The tentative settlement resolves claims against 71 Small Smiles clinics, the parent companies, and hundreds of Small Smiles dentists, said Houston plaintiff's attorney Jim Moriarty, who is also chairman of the Trustee Advisory Committee for the Small Smiles children's abuse trust. The claims include alleged overtreatment, abusive use of restraint devices, dental malpractice, and other forms of substandard dental care.
James Moriarty, chairman of the Trustee Advisory Committee for the Small Smiles children's abuse trust.
"The tentative settlement raises awareness of the need for all dentists who treat our most vulnerable children to allow parents to accompany their children, to avoid the routine use of physical restraint devices, to not overtreat children for profit, and to place the children's best interests above their own financial interests," Moriarty noted in a statement.
"We must guard against dentists that mislead parents, intentionally overtreat under the guise of 'protecting' children, pull baby teeth that would otherwise soon fall out, intentionally place stainless steel caps on toddlers, and perform unnecessary baby root canals. Some of these abused children will suffer for life."
The tentative settlement would be paid by Small Smiles' insurer, the National Union Fire Insurance Company of Pittsburgh.
The settlement will also eliminate medical malpractice coverage for the 333 dentists included in one of the company's insurance policies, according to Moriarty.
"This settlement will wipe out medical malpractice coverage for 333 dentists who worked for Small Smiles, and if they're sued in the future, their insurance company will not be there to protect them," Moriarty told DrBicuspid.com.
“The tentative settlement raises awareness ... for all dentists to avoid the routine use of physical restraint devices, to not over-treat children for profit, and to place the children's best interests above their own financial interests.”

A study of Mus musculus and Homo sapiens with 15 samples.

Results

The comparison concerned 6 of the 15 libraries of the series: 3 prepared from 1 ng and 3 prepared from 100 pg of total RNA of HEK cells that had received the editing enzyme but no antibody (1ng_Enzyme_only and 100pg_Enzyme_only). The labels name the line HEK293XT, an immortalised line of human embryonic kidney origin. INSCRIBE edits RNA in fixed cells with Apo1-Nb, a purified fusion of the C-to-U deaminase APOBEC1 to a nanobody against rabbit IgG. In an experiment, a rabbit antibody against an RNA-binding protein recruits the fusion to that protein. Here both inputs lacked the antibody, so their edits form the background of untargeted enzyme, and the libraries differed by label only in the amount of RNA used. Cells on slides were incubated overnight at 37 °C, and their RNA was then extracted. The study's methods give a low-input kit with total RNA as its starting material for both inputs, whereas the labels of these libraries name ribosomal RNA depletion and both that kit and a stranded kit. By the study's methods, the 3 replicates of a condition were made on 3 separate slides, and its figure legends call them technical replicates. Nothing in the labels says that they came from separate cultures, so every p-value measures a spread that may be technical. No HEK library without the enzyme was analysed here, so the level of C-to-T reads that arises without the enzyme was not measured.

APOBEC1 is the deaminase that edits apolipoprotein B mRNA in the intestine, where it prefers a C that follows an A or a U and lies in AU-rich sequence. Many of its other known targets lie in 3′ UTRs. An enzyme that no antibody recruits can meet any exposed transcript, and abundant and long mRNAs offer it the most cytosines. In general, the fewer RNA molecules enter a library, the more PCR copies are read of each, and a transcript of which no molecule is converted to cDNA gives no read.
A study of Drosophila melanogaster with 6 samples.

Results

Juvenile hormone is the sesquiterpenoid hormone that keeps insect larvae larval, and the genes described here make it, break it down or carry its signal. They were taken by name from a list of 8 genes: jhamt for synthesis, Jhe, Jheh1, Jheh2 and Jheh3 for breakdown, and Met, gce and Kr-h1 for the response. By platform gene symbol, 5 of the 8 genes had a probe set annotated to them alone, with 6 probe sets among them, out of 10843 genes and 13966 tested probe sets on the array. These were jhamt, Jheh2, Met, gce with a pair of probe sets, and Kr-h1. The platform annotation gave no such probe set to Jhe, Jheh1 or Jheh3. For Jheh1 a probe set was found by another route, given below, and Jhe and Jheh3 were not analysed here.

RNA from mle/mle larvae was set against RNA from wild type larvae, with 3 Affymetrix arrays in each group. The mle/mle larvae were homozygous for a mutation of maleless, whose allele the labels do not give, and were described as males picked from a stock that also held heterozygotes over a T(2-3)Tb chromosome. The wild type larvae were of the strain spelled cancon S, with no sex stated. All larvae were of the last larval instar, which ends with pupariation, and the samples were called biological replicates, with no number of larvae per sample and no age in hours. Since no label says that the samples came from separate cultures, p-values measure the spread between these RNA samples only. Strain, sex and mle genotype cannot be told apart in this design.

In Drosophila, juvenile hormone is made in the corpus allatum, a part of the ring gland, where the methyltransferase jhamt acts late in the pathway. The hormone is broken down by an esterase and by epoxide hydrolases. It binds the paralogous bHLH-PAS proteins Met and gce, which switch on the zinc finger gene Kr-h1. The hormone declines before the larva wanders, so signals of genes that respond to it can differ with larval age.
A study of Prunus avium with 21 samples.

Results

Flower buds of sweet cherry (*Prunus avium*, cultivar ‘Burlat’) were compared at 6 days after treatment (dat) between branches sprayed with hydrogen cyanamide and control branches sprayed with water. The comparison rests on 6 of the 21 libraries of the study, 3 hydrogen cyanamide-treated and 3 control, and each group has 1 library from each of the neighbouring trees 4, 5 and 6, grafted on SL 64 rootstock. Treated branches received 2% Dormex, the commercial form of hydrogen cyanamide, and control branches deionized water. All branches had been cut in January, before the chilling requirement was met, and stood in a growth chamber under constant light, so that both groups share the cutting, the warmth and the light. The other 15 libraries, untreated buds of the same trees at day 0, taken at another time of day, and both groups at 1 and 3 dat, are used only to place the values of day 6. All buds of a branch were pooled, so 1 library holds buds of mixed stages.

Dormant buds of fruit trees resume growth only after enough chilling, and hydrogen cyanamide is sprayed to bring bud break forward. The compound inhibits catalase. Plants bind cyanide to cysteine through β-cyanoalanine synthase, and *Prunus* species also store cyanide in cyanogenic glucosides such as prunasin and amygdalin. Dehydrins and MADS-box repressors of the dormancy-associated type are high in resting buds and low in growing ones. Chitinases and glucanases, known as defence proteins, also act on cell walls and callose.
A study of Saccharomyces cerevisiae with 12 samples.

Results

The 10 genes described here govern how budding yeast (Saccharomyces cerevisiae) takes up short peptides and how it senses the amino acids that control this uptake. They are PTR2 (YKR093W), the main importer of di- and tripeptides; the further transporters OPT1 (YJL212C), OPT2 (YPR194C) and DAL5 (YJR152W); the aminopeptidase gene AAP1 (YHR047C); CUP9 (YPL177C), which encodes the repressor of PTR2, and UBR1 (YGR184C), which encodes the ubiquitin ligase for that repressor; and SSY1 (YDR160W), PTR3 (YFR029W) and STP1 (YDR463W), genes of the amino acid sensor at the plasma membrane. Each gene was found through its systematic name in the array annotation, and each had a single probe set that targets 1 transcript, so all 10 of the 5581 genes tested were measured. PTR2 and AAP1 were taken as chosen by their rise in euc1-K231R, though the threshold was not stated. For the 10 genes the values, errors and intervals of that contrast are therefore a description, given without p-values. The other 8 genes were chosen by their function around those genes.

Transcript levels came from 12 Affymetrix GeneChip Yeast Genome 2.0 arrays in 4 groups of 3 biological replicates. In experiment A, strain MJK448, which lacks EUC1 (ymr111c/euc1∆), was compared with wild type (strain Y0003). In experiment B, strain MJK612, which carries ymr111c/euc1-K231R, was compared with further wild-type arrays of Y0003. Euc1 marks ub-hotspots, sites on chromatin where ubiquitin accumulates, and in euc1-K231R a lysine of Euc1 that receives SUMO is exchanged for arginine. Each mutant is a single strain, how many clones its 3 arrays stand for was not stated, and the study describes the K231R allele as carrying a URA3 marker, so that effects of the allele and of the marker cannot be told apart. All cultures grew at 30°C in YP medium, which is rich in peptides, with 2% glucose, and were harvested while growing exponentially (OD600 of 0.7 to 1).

— Jim Moriarty
The owner of Small Smiles, CSHM, owns dental clinics in 19 states and the District of Columbia. It is the restructured company that emerged in June 2012 when Church Street Health Management (formerly Forba Holdings) filed for bankruptcy in February 2012. CSHM also filed for bankruptcy in February of this year after the company was excluded from the Medicaid program in 2014 by the U.S. Department of Health and Human Services for encouraging dentists to perform unnecessary treatments to boost profits. CSHM pledged to "mend its ways," according to documents filed in the U.S. District Court for the District of Delaware.
In 2010, Small Smiles paid $24 million to settle allegations of Medicaid fraud brought by the U.S. Department of Justice. A total of $3.45 million of that went to the state of New York, where the company operates several clinics.
More than 90% of the company's $161 million in revenues in 2011 came from Medicaid and New York's Children's Health Insurance Program (CHIP), according to a 2013 investigative report by a U.S. Senate committee.
The May 6 tentative settlement must be approved by the bankruptcy court in Nashville; a hearing is tentatively scheduled for June 2.